Brought up in England, with a Dutch mother but having lived in Portugal for 18 years, my natural inclination is pro European; furthermore I find nationalism in all its guises crude and often offensive and so it might come as a surprise to many that were I still living in the UK I would be voting to leave the EU in the referendum.
If my instincts are pro European then my mistrust of the European project comes from the fact that it has been run so badly to the point of being dysfunctional, corrupt, undemocratic and economically illiterate. The key problem with the EU is that it is run by self-serving technocrats more for their own glory rather than the benefit of the mass of people they are supposed to represent. As a result, European money is spent appallingly badly, most notably in the poorer countries like Portugal, where the profligate EU sugar-daddy keeps on handing over cash to further spoil the Portuguese brat economy and in doing so, does it no favours. Portugal had had hundreds of billions of Euros shoveled its way and as well as the utter waste of vanity projects and the borderline and not so borderline corruption that it encourages, there is also the large chunks of cash that are bitten off by the consultants and administrators of the system; then worst of all when the cash finally reaches private businesses who should be able to use the money to transform themselves from unproductive, inward facing caterpillars into mighty butterflies to spread their wings and take on world markets, it all too often becomes a crutch to support unproductive companies, preventing the natural creative destruction that should be forcing businesses to innovate or die.
It is all a bit like FIFA – there comes a point when you decide that the whole organization is so badly run and rotten, that you may no longer wish to be a part of it: that doesn’t mean that you have stop liking football though, it is just the clowns who organize it.
There is of course a risk inherent in the turmoil that would be generated by an exit, but latching the UK’s fortunes on to the EU is not itself without risk; a far bigger risk for example would be allowing Jeremy Corbyn or some other left wing nutter to run the country, but that is generally treated as manageable. Political and economic risk is the meat and drink of running a country and the outcome of either staying or leaving is a calculated risk, rather than a reckless leap into the unknown.
There is one final bugbear that I have with the EU, which is the hypocrisy of the leaders who define its destiny, be they the unelected technocrats of the national leaders – there is a lot of hot air about the EU being built in the broad interest of all Europeans, but the reality is in virtually every case, policy is determined by self-interest. The technocrats want to broaden their power base, so they try and infiltrate their particular area of interest into every nook and cranny of national life and the national leaders who claim to be speaking for all of Europe are almost always actually only trying to get the best deal for their particular country. So for example, the French want to make sure there is as much money and protection as possible for small farmers (and in so doing incidentally often preventing African farmers from selling into Europe, which would surely be a greater good for humanity as a whole), because that is a key French interest group they want to protect, not because they think it is an important strategy for Europe as a whole. In other words unlike in a nation state, the interest of the entire population (or electorate as they would be in a single country) are not aligned with the leadership, who are all working for their own particular set interests.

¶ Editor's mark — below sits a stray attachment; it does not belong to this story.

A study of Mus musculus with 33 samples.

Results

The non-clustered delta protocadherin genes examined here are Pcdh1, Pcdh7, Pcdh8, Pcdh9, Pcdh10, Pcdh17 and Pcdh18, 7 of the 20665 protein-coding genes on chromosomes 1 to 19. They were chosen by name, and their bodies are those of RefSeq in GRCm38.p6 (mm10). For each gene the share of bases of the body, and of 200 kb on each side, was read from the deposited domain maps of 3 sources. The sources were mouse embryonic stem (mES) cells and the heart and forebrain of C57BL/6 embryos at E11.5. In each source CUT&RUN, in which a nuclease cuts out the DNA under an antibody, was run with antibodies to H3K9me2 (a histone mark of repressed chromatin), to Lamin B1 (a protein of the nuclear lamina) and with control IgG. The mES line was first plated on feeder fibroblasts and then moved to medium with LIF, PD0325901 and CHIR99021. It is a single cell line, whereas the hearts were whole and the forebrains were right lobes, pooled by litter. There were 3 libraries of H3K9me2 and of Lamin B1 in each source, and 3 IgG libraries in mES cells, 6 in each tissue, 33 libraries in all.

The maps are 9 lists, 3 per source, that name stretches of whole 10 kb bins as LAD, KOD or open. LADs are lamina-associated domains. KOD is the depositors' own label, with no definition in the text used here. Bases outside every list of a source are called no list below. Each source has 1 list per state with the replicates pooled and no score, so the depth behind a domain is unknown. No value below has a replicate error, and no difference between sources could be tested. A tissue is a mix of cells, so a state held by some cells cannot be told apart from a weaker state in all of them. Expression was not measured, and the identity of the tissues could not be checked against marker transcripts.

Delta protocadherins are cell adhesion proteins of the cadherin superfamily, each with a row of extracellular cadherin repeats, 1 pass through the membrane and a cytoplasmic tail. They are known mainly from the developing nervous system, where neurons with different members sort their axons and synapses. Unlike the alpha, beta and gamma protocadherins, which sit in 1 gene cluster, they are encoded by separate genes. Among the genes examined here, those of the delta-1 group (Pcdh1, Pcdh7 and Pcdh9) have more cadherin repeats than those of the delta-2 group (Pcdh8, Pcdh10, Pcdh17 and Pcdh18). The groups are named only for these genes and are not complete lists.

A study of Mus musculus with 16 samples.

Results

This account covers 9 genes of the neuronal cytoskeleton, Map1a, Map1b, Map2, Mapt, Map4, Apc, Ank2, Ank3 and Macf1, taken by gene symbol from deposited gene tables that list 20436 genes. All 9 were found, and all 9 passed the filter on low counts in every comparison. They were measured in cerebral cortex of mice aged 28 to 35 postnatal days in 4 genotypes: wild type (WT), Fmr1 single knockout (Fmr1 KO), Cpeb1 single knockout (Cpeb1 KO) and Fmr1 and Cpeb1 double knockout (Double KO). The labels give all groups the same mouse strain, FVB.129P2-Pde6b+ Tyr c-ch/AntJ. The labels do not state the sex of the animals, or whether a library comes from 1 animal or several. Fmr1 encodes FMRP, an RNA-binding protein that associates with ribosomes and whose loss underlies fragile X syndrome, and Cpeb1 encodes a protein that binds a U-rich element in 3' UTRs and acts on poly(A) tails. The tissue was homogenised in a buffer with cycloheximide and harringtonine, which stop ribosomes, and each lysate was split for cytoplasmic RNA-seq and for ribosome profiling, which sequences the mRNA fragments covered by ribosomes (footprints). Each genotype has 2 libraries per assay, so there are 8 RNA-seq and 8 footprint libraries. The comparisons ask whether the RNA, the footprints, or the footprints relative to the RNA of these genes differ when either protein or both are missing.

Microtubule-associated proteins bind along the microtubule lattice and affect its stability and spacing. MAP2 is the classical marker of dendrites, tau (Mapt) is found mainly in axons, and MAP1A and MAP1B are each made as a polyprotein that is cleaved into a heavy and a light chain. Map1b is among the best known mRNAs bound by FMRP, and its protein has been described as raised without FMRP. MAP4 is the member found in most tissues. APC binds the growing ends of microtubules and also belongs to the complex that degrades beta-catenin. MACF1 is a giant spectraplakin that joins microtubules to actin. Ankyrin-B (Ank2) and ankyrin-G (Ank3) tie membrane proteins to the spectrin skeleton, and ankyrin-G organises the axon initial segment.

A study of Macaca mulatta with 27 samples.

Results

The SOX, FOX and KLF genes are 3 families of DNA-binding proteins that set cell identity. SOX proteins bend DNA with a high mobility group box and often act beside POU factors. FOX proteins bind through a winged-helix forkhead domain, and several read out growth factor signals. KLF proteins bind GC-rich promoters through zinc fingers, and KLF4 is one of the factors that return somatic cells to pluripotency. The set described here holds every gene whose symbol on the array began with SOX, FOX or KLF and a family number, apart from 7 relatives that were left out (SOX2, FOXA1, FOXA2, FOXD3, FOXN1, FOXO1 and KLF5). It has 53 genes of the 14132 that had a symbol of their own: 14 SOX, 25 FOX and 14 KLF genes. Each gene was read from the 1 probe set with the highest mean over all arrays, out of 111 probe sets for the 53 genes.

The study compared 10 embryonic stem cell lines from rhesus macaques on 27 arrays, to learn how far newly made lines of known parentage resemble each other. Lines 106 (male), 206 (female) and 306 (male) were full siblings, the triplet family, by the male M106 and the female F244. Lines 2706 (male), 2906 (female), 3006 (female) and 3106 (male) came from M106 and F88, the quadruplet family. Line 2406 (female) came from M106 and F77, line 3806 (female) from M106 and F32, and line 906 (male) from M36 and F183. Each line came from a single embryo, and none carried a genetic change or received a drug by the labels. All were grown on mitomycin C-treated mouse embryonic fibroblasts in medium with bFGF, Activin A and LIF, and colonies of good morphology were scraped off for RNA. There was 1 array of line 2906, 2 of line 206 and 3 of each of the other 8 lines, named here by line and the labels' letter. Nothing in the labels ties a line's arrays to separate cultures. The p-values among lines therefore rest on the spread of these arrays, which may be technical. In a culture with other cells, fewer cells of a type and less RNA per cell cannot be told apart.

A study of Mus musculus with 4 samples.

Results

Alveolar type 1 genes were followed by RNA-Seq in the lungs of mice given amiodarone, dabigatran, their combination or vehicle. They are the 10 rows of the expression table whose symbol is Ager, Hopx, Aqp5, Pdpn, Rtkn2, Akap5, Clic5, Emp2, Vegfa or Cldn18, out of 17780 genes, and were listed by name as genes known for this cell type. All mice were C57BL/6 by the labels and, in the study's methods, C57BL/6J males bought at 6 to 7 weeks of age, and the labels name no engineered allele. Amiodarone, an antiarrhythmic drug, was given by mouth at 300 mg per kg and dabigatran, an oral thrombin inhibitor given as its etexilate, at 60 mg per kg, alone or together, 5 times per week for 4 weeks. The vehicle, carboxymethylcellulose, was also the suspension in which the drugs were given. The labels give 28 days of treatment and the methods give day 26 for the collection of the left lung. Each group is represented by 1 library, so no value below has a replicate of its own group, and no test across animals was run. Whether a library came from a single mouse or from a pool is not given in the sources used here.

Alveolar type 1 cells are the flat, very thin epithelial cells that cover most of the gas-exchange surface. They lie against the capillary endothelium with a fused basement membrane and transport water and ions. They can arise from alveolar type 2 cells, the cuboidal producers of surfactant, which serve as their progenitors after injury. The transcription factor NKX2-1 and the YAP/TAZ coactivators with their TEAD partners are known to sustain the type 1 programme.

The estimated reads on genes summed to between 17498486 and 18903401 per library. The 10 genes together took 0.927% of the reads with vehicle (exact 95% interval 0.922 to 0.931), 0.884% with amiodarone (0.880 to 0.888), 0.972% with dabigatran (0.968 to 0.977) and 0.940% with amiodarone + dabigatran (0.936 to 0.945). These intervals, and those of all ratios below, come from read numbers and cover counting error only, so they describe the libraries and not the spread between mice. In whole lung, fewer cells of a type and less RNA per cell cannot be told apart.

In Portugal itself, there is virtually nobody who thinks Portugal should even considering leaving the Eurozone, let alone the EU. The promise of the never ending flow of money from the EU taps is too tempting to turn down, so there is little hope of Portugal every raising its voice against the European project. It does not escape the notice of some business owners, that being part of the single currency area does not allow for a drop in the national exchange rate to compensate for a lack of productivity growth, which means it gets harder and harder for Portugal to export, whilst for the ever more productive Germans and their neighbours, it becomes easier and easier. In that sense, you have to think that the Eurozone serves the efficient northern European countries rather well by giving them an artificially depressed exchange rate, so it is worth their while shipping over a few billion Euros to Portugal and the rest of the profligate South every year, if only to make sure that they can spend it on imports from the North. You have to wonder though if the UK does leave, would the whole EU project eventually begin to unravel under the weight of its contradictions?